UK Space Agency (UKSA) Supports Astroscale and ClearSpace for Multi-Debris Removal Mission

by | Sep 29, 2022 | News Articles, Product, Space Exploration

The two companies will be financially supported by the UK Space Agency to design debris removal missions in space.

As our space-faring capabilities grow, so does the crowd in the space environment. As the field of space becomes increasingly accessible and affordable, keeping up with space traffic has become more challenging. In an effort to mitigate this space debris problem, the UK Space Agency (UKSA) awarded ClearSpace and Astroscale around £4 million. This monetary support comes after funds given in October to study their missions’ feasibility. 

While ClearSpace has been granted £2.25 million to continue conducting their study on designing a mission to get rid of abandoned satellites from Low Earth orbit (LEO), Astroscale has been awarded £1.7 million to come up with a satellite servicer that will remove several defunct satellites in a single mission. Both companies have been awarded the sum under the (ADR) Phase B demo contracts. 

(Source: ClearSpace)

ClearSpace will continue the design phase of its Active Removal (CLEAR) mission development until October 2023, afterwhich the preliminary design review will be conducted. As part of its CLEAR mission, the Swiss company is in the process of creating a spacecraft furnished with robotic arms to grab space debris and drag it out of orbit and into Earth’s atmosphere to burn up. The company aims to launch its debris removal programme by 2025.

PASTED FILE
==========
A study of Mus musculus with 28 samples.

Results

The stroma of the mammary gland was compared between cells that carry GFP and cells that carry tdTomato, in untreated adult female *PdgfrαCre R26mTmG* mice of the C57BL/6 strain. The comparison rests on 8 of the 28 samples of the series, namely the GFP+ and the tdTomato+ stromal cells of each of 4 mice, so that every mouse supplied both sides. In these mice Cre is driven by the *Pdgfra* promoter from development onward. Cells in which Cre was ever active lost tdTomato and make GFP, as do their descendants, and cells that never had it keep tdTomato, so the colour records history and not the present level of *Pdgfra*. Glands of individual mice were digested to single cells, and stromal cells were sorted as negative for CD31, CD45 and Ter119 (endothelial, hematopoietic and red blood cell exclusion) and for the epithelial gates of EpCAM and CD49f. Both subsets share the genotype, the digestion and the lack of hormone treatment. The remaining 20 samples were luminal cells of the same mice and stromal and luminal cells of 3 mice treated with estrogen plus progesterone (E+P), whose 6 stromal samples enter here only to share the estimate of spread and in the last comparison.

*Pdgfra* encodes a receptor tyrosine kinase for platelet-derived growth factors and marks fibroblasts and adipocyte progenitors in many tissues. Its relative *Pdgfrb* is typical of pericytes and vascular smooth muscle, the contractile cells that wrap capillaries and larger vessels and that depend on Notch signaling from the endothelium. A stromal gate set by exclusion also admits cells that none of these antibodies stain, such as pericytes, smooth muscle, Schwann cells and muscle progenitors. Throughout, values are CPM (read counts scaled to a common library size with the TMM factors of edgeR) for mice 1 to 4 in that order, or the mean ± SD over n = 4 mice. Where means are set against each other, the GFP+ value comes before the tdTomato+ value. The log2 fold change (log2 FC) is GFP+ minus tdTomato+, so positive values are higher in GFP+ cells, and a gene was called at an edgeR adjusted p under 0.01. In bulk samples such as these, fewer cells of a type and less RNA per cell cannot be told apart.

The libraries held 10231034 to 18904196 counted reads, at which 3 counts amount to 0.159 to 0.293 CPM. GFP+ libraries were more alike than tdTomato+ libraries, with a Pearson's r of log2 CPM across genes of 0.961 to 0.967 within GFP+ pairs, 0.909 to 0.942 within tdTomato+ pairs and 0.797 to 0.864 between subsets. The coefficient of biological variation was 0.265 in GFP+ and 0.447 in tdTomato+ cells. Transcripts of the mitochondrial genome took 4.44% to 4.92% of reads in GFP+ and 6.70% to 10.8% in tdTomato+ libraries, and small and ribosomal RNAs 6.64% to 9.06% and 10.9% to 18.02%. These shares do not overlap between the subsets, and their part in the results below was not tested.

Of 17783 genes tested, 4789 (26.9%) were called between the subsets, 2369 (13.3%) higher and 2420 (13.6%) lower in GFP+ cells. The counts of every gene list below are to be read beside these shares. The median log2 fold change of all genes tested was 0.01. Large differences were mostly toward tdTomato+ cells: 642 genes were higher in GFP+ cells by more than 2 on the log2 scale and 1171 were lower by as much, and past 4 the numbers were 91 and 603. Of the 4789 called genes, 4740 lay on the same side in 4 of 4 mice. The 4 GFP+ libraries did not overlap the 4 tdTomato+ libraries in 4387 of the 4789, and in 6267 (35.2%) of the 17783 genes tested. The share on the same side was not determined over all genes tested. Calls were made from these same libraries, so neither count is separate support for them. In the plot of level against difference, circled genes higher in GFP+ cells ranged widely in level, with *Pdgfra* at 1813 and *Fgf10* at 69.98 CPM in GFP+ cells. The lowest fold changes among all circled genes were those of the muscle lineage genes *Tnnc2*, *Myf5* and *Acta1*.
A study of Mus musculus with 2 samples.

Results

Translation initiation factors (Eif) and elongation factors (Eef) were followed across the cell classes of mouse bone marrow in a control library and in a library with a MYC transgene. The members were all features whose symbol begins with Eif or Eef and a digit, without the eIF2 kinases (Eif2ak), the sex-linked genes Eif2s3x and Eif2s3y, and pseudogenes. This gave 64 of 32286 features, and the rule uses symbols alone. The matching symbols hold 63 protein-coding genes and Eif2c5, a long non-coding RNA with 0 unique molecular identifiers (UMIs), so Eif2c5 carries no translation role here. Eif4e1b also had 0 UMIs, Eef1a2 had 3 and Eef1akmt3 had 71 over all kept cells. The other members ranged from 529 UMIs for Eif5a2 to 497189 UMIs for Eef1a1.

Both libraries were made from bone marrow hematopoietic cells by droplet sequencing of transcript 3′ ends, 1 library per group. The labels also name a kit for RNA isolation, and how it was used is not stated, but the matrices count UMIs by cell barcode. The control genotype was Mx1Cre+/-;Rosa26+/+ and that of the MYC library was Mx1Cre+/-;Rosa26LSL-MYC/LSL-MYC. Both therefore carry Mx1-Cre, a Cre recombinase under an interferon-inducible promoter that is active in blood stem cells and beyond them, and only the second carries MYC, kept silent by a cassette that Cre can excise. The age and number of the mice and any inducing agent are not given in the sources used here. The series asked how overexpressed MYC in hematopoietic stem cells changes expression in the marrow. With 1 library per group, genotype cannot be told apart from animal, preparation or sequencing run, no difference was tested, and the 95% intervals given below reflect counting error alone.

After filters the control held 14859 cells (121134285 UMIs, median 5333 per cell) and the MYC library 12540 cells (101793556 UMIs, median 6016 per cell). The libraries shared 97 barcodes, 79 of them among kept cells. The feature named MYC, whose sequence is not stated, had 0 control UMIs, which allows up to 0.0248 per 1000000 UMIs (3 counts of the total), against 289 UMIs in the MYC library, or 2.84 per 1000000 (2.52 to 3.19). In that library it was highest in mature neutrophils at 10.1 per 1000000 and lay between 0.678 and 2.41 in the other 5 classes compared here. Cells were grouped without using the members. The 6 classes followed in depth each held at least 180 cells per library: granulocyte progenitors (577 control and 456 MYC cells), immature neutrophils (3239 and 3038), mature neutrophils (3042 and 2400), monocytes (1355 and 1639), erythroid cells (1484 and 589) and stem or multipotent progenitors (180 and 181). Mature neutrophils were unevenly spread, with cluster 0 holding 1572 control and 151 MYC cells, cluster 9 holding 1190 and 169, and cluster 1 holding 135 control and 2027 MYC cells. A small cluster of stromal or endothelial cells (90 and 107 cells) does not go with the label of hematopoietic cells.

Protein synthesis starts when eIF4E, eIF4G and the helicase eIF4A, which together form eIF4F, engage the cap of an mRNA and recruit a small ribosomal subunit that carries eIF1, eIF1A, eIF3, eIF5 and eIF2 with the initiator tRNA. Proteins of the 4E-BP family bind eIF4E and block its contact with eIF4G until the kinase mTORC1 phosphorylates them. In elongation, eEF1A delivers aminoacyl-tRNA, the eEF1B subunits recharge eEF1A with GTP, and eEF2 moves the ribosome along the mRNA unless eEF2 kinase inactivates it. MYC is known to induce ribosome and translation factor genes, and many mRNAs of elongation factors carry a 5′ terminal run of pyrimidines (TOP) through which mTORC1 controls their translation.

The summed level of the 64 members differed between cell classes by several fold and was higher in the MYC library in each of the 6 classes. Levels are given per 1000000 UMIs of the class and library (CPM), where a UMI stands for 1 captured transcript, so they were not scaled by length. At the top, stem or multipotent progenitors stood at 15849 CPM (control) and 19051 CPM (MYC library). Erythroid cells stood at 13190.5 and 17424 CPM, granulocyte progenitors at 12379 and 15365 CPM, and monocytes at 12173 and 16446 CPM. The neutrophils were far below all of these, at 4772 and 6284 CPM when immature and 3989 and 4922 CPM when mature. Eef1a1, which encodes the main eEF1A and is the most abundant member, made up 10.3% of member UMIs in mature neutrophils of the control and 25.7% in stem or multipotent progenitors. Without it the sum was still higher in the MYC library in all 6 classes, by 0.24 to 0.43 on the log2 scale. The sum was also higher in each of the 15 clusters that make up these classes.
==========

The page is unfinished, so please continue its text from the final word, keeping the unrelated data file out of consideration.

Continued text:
ELSA-M Servicer (Source: Astroscale)

The Phase B contract will also support Japan-based Astroscale on the development of its mission, Cleaning Outer Space Mission through Innovative Capture (COSMIC). COSMIC will use both Astroscale’s magnetic capture technology and robotics to deorbit two discontinued UK spacecrafts. Moreover, Astroscale will be using an upgraded version of the ELSA-M servicer, which is part of a multi-client debris removal mission involving the UK Space Agency, the European Space Agency and OneWeb. ELSA-M servicer is targeted to be launched in late 2024., before COSMIC. 

In June this year, the UK announced its Plan for Space Sustainability to manage the growing problem of space debris and lead the movement towards space sustainability. The plan involves efforts to clean up our Earth’s orbital environment and ensure sustainable space activities, such as mitigating space debris via removal.